In many ways, 2007 is a truly significant year for Mike Weir. He changed coaches heading into the season, has rebuilt his swing with marginal success so far, and currently sits 119th on the money list. The year is still in its infancy, but Weir will have to make really vast strides to make the Presidents Cup team that will play in Montreal at the end of September.
Interestingly, it is a transitional year for Weir off the course as well. His deal with International Management Group, better known as IMG, comes to a conclusion this year. Additionally, his agreement with Bell Canada, which is longstanding, is also up for renewal and apparently his rocky play lately has made for tough negotiations.
Sources say Weir’s initial deal was around $250,000 per year, but rose significantly following his 2003 Masters deal and currently sits somewhere between $600,000 and $800,000 annually. Bell, of course, gets prominent brand placement on his hat, and has been part of “Team Weir” since 1993.
One source said part of the difficulty resides with Bell, which has made huge investments in marketing around the Olympics in Whistler in 2010, and has been very careful about the cash it puts into golf. Proof of that is the pull back on the Canadian Open, even though sources close to the event say Bell was offered a title sponsorship deal for $3 million, or roughly half of what it paid previously.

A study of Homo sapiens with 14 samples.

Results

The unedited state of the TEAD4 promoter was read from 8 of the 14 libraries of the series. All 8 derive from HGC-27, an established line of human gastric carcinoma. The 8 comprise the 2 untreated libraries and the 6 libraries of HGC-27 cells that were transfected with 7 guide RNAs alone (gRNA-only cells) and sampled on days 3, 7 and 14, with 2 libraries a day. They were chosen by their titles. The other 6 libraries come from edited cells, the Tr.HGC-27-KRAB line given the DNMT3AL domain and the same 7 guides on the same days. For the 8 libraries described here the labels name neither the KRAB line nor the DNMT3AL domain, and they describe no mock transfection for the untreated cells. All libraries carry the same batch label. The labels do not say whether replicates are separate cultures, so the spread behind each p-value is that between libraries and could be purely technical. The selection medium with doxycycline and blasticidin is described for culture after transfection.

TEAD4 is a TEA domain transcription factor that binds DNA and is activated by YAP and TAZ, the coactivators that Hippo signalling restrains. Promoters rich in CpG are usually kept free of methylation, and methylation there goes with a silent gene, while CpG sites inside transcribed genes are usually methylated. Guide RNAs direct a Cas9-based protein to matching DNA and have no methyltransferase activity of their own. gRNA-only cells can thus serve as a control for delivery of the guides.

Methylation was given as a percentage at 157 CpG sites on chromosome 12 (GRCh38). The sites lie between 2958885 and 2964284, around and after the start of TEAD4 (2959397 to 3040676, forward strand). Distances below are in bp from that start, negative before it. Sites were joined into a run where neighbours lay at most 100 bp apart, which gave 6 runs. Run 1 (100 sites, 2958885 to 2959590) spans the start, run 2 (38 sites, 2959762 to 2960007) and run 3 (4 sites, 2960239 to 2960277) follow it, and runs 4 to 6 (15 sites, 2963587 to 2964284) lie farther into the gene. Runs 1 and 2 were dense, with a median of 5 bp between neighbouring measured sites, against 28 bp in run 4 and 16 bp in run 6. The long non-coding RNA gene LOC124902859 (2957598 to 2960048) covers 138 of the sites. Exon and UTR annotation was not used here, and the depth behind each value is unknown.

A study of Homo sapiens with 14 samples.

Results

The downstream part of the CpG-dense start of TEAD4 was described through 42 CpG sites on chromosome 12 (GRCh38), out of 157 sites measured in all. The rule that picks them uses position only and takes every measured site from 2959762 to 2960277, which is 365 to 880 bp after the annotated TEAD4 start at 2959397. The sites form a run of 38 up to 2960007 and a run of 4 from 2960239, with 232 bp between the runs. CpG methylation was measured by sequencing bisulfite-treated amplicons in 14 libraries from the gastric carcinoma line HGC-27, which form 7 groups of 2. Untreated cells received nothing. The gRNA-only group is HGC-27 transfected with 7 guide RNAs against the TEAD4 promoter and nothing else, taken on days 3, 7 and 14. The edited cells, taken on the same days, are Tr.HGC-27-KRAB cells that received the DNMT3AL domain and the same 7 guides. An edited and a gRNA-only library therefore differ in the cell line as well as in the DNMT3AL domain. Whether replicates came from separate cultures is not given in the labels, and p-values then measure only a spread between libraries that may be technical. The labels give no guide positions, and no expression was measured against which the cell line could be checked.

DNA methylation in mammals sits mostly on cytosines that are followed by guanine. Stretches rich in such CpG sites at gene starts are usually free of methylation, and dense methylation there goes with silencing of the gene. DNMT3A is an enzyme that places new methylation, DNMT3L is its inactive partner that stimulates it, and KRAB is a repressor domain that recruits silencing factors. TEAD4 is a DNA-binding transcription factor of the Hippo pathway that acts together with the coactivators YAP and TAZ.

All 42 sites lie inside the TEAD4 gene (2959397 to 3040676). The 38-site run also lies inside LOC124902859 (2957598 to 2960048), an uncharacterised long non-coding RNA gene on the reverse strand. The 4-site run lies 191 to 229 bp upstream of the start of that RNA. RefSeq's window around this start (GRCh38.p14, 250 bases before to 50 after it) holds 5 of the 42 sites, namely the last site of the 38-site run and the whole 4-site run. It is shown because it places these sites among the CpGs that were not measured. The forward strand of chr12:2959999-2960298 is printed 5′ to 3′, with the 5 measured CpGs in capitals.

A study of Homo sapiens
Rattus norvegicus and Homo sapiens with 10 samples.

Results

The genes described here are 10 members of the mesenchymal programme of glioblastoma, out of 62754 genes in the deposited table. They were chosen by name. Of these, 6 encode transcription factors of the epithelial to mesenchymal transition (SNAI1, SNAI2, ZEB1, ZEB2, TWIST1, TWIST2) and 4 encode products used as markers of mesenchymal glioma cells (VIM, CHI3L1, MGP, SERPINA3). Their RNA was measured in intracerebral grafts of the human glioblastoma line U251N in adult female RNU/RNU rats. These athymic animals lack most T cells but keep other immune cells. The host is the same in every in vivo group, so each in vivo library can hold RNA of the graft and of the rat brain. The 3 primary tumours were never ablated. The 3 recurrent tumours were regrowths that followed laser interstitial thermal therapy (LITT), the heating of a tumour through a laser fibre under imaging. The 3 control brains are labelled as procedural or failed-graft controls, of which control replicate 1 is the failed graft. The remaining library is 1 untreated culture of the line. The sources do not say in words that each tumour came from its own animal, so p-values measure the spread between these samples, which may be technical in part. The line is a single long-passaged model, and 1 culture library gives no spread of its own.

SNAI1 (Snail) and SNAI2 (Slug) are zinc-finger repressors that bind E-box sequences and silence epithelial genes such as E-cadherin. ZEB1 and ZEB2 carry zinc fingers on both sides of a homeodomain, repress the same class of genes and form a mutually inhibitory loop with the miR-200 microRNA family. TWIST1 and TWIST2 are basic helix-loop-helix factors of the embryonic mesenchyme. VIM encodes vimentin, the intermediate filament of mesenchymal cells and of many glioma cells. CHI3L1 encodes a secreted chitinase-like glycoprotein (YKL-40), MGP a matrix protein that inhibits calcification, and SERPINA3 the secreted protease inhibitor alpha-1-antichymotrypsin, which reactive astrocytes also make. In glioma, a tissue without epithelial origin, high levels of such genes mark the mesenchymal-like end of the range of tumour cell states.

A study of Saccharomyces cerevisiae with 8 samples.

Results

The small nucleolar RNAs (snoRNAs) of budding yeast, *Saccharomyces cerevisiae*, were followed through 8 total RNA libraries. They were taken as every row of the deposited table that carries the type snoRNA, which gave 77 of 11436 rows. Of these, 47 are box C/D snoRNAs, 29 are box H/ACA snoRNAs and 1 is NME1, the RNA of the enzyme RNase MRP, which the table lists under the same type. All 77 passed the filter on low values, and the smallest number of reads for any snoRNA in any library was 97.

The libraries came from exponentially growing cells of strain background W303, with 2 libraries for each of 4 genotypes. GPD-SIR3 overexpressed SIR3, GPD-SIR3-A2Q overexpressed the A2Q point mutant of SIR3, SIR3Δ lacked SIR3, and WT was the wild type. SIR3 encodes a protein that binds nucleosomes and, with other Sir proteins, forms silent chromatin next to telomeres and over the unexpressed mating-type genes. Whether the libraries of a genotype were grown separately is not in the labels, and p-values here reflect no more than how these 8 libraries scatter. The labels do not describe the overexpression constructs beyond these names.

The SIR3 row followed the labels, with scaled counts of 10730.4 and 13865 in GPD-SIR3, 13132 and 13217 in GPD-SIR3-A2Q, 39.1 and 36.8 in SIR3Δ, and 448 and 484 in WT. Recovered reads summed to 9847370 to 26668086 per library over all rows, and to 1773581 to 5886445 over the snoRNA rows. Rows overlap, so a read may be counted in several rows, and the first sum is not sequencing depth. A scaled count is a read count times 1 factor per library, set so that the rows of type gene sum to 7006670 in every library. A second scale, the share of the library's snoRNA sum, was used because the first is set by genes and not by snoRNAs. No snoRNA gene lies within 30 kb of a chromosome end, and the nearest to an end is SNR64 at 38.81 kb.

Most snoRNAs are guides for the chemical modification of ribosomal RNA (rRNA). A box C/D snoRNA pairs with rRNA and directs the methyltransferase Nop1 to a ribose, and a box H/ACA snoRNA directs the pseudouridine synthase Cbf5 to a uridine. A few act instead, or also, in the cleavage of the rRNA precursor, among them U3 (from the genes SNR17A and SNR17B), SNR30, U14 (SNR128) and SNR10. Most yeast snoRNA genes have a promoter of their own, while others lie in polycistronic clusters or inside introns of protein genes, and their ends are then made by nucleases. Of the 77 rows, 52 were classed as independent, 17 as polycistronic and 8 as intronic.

What does all of this mean to Weir? Well the Canadian left hander made US$6.5 million in 2006, $4.25 million (according to Golf Digest) of which came from off course deals, including presumably, his deal with Dynamic Funds and with TaylorMade.
There appears no certainty that he’ll resign with Bell, with some sources saying the telecom company won’t ante up for the hat and instead will pay a lower amount to put its logo on Weir’s sleeve.
One has to wonder about Bell’s strategy in all of this — after all, Weir has been a prestige endorsement for the company, and one they’ve groomed over a long time. Why walk away at the first sign of trouble, especially after the success the company has had with Weir? In fact, I suspect the history between Weir and Bell is what is keeping the negotiations going forward.
For Weir, the question is whether he can continue earning that sort of money if his play does not improve.